In a statement, the governor offered "to explain mistakes made by water quality experts that led to the current crisis."

Michigan Governor Rick Snyder will appear before the House Oversight Committee to answer questions about his handling of the water crisis in Flint, in which the city's residents were exposed to lead poisoning.

Chairman Rep. Jason Chaffetz invited Snyder to appear before the committee at a time yet to be determined, and Snyder accepted the offer.

READ MORE: An American Disaster: The Crisis in Flint

Snyder said in a statement that he requested the opportunity to appear before the committee, and offered "to explain mistakes made by water quality experts that led to the current crisis."

That characterization drew a rebuke from ranking member Rep. Elijah Cummings.

"The reality is that he is finally bowing to mounting public pressure to answer questions before Congress about the central and critical role his administration played in this man-made disaster," Cummings said.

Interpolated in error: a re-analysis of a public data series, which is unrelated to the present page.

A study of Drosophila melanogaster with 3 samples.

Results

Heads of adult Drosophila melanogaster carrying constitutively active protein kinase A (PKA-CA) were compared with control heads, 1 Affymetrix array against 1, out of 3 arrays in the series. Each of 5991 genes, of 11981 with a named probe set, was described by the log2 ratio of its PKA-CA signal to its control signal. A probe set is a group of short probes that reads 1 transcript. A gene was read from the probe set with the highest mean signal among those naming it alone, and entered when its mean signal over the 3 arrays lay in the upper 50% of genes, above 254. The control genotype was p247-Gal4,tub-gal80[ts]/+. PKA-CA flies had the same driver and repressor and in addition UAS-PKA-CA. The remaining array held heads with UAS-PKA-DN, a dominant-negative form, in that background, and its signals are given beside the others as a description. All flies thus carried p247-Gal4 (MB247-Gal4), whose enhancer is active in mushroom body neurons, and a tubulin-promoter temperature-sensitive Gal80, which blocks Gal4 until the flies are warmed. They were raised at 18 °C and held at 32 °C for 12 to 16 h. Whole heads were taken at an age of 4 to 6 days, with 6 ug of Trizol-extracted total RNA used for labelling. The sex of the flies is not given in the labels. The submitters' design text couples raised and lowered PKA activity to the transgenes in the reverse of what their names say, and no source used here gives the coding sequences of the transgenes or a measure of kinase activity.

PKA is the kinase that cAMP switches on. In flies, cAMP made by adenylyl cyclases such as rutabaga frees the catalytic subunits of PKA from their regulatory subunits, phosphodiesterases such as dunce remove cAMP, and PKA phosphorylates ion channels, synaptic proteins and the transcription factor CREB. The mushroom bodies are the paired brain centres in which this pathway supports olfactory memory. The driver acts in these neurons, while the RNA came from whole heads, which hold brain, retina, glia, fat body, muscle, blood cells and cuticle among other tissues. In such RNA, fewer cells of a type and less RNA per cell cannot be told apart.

Chaffetz and Snyder are both Republicans. Cummings is a Democrat.

Environmental Protection Agency Administrator Gina McCarthy will also testify at the hearing, Chaffetz said in a statement.

The water crisis in Flint began after the city left the Detroit water system in a cost-cutting move in 2013. Water officials didn't properly treat water from the Flint River despite warnings, causing lead to leach from pipes and into drinking water.

Despite assurances that the water was safe to drink, private tests in August confirmed the water contained high levels of lead, and in September a pediatrician compared blood tests and found a spike in lead poisonings in Flint.

Snyder said Friday he welcomes the opportunity to answer questions about the crisis.

"The people of Flint have suffered because they were failed by all levels of government, and so it is understandable that there are questions at all levels of government," Snyder said in a statement Friday.


The Department of Justice and the Michigan Attorney General have launched investigations into the debacle.

There have been calls that Snyder resign over his handling of the crisis. A Michigan state board this week approved a petition seeking his removal.